Bridging Biomedical Research with Aerospace Engineering in the Lab of tomorrow.


“My goal with this lab is to take biomedical research and tie it into a school that is grounded in aerospace and aeronautical engineering,” says Assistant Professor of Mechanical Engineering at Embry-Riddle Aeronautical University’s Daytona Beach Campus, Christine Walck. “How do I make that connection? That’s the question I’ve been working on for the past couple of years with Vicon.”

Walck has been at Embry-Riddle for four years, following eight years working as a mechanical engineer at the Tactical Electronic Warfare Division – Vehicle Research Section of the U.S. Naval Research Laboratory. Her work at Embry-Riddle covers biomechanics, computer science, imaging, and neuroscience to study muscle function, analyze human movement, improve rehabilitation protocols, and optimize human performance.

For Walck, that list of specializations sits under a larger goal: “My aim is to make sure that we can take biomedical work into the space and aeronautics world. We are really integrating biomedical with aerospace, showing that there is a fit. Vicon is a tool that we can use to further that goal.”

A number of the projects being worked on in Walck’s lab span both worlds, while some lean in one direction or the other.

To facilitate the dual purposes of the lab, Walck has two Vicon systems running in parallel within the same space. “We have two separate Lock Labs, so they’re two separate systems, but they can act as one,” explains Walck. “There are 12 Vantage cameras all along the perimeter of the ceiling which we use for flight testing and robotics. There are eight Veros on the tripods for human clinical trials and small robotics. We have two video recorders and then we have the AMTI force plates and Delsys EMG system. Our back bay door opens up all the way, so you could study sports movements like pitching.”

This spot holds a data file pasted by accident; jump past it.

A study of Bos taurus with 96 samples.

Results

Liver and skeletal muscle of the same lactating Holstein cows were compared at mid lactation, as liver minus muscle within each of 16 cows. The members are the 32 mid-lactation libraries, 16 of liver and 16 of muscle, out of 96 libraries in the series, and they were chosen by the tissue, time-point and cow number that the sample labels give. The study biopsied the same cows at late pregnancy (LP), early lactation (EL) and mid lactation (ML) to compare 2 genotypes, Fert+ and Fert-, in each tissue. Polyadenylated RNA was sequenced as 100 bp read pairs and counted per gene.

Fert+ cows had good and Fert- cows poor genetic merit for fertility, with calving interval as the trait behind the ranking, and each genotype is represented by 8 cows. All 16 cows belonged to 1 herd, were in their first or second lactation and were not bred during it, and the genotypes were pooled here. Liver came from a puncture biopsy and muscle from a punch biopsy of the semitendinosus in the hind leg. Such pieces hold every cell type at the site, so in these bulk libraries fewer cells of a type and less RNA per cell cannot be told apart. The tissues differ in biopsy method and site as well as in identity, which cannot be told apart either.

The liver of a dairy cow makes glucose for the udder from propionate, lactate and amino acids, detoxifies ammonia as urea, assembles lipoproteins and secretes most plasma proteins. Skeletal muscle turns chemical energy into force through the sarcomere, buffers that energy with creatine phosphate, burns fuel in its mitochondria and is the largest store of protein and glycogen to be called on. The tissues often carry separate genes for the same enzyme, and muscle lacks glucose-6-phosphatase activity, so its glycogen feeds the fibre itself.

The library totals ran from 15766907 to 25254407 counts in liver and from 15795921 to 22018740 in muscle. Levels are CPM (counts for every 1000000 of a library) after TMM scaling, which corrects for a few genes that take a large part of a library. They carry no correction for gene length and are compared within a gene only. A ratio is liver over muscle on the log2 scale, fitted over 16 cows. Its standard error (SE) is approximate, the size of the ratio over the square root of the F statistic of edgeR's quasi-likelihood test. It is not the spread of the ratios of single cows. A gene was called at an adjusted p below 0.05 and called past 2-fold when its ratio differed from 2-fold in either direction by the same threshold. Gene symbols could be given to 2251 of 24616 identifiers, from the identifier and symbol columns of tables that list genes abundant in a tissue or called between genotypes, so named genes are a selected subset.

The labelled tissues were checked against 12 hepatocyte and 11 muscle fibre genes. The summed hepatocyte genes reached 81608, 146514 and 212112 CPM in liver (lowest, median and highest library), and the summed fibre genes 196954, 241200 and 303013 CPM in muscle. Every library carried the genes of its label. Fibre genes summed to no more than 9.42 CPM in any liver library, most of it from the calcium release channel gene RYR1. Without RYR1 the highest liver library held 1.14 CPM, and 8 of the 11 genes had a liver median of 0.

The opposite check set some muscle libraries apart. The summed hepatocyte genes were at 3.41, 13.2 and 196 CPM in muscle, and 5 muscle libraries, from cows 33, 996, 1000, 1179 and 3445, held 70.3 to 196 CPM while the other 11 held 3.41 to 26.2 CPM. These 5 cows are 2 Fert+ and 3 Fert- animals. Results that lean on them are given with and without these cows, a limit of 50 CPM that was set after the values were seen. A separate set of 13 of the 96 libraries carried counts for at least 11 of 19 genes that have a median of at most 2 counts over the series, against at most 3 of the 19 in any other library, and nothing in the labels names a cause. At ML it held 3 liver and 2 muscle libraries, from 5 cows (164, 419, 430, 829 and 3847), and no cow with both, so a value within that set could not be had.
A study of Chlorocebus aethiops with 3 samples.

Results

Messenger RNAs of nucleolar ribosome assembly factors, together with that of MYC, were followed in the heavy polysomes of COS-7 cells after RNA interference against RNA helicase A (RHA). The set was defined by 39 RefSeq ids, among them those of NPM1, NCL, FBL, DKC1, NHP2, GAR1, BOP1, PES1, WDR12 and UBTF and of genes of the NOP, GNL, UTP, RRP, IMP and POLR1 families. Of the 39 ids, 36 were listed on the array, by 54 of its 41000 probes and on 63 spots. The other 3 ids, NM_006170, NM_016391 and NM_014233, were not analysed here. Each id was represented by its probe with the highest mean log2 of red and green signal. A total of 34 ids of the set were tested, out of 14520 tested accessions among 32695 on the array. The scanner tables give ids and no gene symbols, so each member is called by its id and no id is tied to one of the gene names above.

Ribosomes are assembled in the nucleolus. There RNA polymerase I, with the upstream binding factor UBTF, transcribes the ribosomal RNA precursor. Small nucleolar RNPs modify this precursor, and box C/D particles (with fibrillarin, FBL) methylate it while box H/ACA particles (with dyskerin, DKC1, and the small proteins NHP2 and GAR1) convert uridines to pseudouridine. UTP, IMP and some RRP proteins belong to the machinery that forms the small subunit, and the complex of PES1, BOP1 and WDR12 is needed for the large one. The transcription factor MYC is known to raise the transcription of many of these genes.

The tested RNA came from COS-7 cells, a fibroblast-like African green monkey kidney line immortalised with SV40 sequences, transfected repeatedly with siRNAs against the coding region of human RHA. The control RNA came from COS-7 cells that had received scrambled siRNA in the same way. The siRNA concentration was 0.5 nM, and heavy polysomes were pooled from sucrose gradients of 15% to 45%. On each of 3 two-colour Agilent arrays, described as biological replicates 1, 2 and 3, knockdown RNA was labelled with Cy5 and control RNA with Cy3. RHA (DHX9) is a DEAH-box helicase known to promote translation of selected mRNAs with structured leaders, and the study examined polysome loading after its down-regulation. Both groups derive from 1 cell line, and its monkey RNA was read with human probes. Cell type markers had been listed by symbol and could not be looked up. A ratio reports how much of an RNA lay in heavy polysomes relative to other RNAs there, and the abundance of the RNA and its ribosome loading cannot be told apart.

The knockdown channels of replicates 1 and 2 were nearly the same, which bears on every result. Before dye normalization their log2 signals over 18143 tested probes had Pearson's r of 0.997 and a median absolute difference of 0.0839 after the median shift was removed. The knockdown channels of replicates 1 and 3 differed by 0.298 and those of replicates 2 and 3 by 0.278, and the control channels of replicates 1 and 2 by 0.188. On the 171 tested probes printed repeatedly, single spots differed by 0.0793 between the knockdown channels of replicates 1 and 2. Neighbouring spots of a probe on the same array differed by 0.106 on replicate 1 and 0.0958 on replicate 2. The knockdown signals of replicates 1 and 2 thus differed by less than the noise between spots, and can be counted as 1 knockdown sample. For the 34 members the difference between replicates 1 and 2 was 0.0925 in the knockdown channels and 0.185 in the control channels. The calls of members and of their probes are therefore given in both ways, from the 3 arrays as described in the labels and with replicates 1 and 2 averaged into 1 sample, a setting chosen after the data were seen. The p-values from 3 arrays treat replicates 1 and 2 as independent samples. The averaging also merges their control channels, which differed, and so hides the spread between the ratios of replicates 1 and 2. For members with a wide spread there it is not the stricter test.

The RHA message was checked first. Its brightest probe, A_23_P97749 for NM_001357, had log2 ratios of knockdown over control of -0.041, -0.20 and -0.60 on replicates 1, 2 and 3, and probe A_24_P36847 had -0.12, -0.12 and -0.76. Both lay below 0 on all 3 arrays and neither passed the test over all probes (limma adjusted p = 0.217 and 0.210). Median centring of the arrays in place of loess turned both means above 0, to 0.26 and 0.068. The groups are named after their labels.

The Vantage system runs on Tracker, while the Veros work with Nexus, with post-processing software using OpenSim 4.0 (musculoskeletal modeling) and EMGworks software rounding out the workflow.

One of the things that made this hybrid lab possible was the versatility of its Vicon cameras. “Vicon is not limited to your lab. You can go outside with these cameras, which is incredible because Embry-Riddle grew really fast. We have so much going on that we’re always looking for a new space. When you can work outside, and when you can have flight and biomechanics in one lab, that’s a huge asset. It’s affordable, allowing research to never be limited. Vicon allows our researchers to not have to sacrifice anything in their work.” says Walck.

Another key element of the lab’s success is the support Walck receives from Vicon. “University professors tend not to learn hardware or software. Their students do,” says Walck. “But then the students graduate, and if the student doesn’t teach the next group, the technology sits there and collects dust. But then when I’m on my next project, I’m left wondering ‘What was that pipeline again?’ So I will call our rep and say ‘I need some help!’ And he will walk me through everything. This man is why we are able to grow so much. He’s incredible. Our sales manager is also super-helpful.”

The story doesn’t stop there, to read the full case study, you can download it below.